How to Easily Color Match Any Two Cameras in Post-Production

Watching films is one of the most common ways of entertainment but it takes skills to come up with great end products. One of those skills is knowing how to merge pictures from different cameras in order to make them look the same. This is important because most great films require multiple cameras during production. It can also be challenging when the cameras used are from different brands and therefore have different specifications.

Matching colors in two different cameras may differ in complexity depending on the make and model or the cameras involved. However, with the correct methods, you can get the job easily done.

Get the tools

There are many available apps that can help one complete such a task easily. You simply need to choose one that appeals to you most. One tool that is commonly used and is very helpful is the Look Up Table. Simply known as lut, this tool can help you match colors from 2 cameras with ease.


Exposure

Matching the contrast colors between the two images is the next step in matching colors post production. You can simply adjust the exposure controls by choosing the contrast you want for the two images/videos.

Adjusting the shadows and highlights can also help to give you the perfect end result so you can also use them after getting the best contrast.

Balancing

Some people set up the white balance feature before they start but sometimes it doesn’t give the desired results. You still need to make sure the colors are well balanced since the cameras may have more colors than others. A vector scope can be very helpful in this case since it will show you which images have more blue or orange colors.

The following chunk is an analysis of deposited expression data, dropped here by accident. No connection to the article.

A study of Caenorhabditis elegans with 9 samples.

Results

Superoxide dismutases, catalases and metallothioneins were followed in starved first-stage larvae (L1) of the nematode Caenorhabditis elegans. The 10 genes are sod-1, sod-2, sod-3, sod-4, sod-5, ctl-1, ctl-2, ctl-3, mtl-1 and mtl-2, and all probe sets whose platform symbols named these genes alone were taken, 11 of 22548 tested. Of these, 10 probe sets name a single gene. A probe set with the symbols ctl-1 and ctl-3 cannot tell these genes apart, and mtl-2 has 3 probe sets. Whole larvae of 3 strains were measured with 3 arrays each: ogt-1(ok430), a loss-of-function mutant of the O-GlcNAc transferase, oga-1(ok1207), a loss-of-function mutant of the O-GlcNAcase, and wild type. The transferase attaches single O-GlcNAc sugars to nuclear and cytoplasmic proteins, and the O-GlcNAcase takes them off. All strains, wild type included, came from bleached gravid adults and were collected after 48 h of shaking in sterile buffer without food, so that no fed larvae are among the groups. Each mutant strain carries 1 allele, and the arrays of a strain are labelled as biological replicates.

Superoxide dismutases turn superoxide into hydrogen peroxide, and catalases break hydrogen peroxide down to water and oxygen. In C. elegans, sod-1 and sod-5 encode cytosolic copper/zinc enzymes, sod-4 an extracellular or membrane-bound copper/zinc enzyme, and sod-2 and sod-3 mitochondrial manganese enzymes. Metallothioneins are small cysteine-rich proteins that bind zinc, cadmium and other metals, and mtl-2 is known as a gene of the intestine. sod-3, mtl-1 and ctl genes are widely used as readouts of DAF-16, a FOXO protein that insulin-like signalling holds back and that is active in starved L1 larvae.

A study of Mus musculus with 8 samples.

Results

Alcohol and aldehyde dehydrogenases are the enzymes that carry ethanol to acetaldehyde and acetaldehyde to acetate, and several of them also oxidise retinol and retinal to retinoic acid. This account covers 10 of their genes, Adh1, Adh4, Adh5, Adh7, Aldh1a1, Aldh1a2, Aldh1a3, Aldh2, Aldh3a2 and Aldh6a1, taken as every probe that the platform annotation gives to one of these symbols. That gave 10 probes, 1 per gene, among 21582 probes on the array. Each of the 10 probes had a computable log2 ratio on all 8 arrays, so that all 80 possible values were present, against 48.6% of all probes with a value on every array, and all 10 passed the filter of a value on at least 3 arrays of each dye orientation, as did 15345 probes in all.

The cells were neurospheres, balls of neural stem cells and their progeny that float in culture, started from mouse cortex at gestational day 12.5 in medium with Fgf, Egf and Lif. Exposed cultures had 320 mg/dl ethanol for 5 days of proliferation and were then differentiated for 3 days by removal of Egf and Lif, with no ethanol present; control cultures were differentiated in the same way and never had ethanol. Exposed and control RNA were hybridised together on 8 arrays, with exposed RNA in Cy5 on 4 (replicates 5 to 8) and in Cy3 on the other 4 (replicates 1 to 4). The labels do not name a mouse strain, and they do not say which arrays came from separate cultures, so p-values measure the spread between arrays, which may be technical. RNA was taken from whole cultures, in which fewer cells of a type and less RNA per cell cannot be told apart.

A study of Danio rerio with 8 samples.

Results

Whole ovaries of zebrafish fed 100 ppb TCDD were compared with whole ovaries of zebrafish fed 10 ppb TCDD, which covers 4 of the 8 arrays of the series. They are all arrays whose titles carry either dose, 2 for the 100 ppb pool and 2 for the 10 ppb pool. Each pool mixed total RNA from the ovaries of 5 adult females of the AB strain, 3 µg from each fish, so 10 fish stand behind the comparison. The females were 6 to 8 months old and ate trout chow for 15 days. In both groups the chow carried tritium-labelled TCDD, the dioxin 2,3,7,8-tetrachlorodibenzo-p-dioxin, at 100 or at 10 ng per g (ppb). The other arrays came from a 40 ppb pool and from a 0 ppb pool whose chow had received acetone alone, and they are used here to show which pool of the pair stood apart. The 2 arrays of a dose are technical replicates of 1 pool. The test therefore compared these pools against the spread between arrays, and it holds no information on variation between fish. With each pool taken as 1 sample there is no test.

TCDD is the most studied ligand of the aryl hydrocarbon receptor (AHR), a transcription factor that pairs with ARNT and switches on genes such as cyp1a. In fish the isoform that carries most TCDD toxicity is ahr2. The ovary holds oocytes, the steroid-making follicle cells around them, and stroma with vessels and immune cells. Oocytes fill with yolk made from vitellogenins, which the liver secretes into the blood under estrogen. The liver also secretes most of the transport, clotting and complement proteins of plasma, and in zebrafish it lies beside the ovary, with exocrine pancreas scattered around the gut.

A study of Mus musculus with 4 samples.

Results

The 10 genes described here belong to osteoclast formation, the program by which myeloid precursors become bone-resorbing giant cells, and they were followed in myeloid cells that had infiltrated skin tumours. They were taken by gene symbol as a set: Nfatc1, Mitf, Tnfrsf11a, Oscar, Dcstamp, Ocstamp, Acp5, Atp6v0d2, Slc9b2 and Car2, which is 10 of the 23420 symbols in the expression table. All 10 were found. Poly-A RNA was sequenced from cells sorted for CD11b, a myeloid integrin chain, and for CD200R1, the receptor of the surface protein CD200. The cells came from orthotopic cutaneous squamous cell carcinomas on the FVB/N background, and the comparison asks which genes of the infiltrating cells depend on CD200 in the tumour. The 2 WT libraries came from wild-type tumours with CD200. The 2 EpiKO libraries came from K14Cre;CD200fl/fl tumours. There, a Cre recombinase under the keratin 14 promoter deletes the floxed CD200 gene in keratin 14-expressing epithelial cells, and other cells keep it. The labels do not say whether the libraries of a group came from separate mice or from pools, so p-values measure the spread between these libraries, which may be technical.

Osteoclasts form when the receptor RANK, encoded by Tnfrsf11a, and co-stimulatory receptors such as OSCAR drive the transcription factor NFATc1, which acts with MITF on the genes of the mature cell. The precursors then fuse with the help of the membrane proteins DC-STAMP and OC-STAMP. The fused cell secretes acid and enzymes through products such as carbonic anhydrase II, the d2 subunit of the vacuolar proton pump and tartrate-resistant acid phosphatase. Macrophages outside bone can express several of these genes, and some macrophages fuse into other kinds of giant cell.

Tint

Since every camera is made differently with different features, they all respond to different factors differently when being used. Light, specifically has been known to affect different cameras differently because of their different sensors. They may therefore give you images that are green or pink.

You therefore have to rectify this by using tint to cover such areas. This requires you to be very careful since the colors may not easily visible but can still have undesired results if not changed.

Conclusion

The process of color matching may be long and tiring but it gives great reward. You have to be patient and go through every detail slowly. Switching between two shots constantly to see if they match is even more difficult. Some cameras have incorporated a new feature called “comparison view” that helps you match the footage side by side. This helps makes matching easier and increases chances of doing it right thereby reducing the time it takes to edit.